Waxing Nostalgic: METAL MAYHEM! with Spinal Tap, This Is Spinal Tap

Published on May 29th, 2013 in: Music, Waxing Nostalgic |

By Jeffery X Martin


“But, X . . . ” people say, ” . . . they’re a joke band. It was supposed to be funny.”

Oh, they’re extremely funny. That’s undeniable. But I can’t consider them a “joke” band. All three main members (actors/comedians Christopher Guest, Michael McKean, and Harry Shearer) played their own instruments. I don’t think anyone would have complained if these funny guys had pulled in session players, but they didn’t. They played live. They toured. They showed a genuine appreciation for the genre. Who loves rock and roll more: Guns ‘n’ Roses, with their 20 years between albums and absolute disdain for their audience, or Spinal Tap?

Your heart knows the answer.

“But, X . . . ” people say, ” . . . they weren’t sexy.”

I’m not so sure that’s true, but I know we had a strange definition of sexy in the Eighties. Very few people know would look at Bret Michaels or Vince Neil in full makeup and feel their hearts (or other body parts) go a-flutter. It was a silly time and there was no difference between CC DeVille’s blue eye shadow and Christopher Guest’s.

Sexy lyrics didn’t matter either. We already know Hair Metal lyrics amounted to little more than a dirty limerick. Spinal Tap perfected the art with their song, “Sex Farm.” It’s hard to beat agricultural sexual metaphors like “plowing your bean field” and “poking your hay.” That’s a battle of the sexes Spinal Tap wins, hairy palms down.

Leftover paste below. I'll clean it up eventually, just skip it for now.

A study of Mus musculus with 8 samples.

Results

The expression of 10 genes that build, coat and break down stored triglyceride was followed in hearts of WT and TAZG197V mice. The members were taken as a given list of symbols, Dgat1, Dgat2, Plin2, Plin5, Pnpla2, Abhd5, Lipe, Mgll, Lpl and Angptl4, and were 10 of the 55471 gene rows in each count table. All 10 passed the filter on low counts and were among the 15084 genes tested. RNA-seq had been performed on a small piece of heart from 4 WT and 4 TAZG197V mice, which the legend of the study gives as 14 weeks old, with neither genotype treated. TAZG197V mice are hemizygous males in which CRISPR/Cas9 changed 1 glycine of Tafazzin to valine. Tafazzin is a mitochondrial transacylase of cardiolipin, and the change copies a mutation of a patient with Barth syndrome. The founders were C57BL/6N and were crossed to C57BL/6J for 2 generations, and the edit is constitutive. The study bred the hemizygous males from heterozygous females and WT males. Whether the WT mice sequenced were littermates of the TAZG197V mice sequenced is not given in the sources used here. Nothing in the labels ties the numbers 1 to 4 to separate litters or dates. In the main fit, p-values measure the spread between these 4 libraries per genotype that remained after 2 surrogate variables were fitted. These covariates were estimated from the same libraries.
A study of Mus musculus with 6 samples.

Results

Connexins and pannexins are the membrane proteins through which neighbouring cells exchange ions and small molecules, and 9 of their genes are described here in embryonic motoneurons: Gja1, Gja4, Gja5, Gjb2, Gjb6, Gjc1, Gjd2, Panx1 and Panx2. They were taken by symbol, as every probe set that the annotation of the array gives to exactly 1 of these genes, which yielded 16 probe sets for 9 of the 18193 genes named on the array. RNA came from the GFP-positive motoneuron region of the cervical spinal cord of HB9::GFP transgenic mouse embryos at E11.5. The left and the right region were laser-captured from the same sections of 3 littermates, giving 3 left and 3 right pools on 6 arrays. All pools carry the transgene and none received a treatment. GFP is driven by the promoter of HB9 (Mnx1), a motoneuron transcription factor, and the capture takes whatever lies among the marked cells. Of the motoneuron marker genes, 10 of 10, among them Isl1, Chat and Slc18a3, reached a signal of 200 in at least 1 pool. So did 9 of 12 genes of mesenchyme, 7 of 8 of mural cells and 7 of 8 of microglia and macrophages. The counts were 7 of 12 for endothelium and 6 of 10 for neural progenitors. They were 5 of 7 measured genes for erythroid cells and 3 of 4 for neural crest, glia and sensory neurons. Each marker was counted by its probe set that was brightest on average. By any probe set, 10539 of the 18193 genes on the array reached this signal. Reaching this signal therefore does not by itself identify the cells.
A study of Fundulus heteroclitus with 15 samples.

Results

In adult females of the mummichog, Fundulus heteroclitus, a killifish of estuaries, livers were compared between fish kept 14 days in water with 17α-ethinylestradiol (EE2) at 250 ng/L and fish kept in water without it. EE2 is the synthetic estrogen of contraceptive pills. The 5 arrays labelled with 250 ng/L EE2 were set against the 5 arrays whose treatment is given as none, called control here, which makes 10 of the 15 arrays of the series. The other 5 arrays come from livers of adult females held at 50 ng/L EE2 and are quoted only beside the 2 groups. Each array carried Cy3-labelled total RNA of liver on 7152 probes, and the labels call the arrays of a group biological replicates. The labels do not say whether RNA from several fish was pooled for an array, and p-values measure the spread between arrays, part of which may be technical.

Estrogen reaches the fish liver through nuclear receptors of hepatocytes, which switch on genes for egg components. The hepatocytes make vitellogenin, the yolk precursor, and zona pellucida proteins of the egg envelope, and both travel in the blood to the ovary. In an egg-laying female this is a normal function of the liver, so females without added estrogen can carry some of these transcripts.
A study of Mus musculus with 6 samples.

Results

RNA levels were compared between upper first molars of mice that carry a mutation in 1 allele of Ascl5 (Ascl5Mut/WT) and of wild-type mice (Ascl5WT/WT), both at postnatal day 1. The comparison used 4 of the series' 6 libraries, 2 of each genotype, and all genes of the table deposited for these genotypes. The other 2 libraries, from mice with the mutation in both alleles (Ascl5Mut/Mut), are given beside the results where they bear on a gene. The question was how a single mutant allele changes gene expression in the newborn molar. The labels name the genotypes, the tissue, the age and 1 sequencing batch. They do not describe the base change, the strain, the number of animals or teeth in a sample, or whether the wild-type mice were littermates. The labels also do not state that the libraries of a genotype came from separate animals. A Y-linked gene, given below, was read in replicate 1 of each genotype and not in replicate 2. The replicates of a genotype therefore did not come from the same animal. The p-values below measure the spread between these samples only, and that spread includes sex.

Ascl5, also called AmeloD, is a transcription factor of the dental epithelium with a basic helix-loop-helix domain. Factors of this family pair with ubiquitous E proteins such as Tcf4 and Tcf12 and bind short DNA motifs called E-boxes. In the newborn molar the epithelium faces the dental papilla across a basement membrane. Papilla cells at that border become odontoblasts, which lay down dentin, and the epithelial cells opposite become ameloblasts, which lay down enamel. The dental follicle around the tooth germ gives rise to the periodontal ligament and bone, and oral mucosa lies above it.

“But, X . . . ” people say, ” . . . the musicianship really wasn’t up to par.”

There was a lot of guitar wankery going on during the Decade of Decadence. Folks like Eddie Van Halen and Yngwie Malmsteen hammered and swept their way through dozens of solos, all of which were technically perfect, but musically soulless and empty. “He’s a machine!” became a compliment in the era of Terminator 2, and musicians began playing like their non-human counterparts: stronger, faster, better.

You’ll find none of that from Spinal Tap. The guitar solos are off-key, off time, and sometimes off-putting. The solo in “Hell Hole” is essentially the same note, sometimes bent, sometimes not. It’s pretty much a one-fret wonder, but by defying the note-cramming style of the time, it highlights the ridiculousness of it. There’s plenty of staccato picking elsewhere on the album, if you absolutely need it.

I realize This is Spinal Tap is a soundtrack album and that most people have seen the movie. I’m not talking about that. I’m talking strictly about the music. Even the production on some of the songs sounds like Keith Forsey recorded them in a gas station restroom with a condenser mic. This was before digital, folks, and a lot of it sounds like shit. With the benefit of perspective and hindsight, even that is funny.

This is Spinal Tap takes everything that was horrible about Eighties Metal and turns it into something fantastic. With nods to Iron Maiden, Deep Purple, The Sweet, The Who, and damned near any other metal band you can think of, This is Spinal Tap is the perfect Eighties Metal album. It still stands today because it never meant to get up in the first place.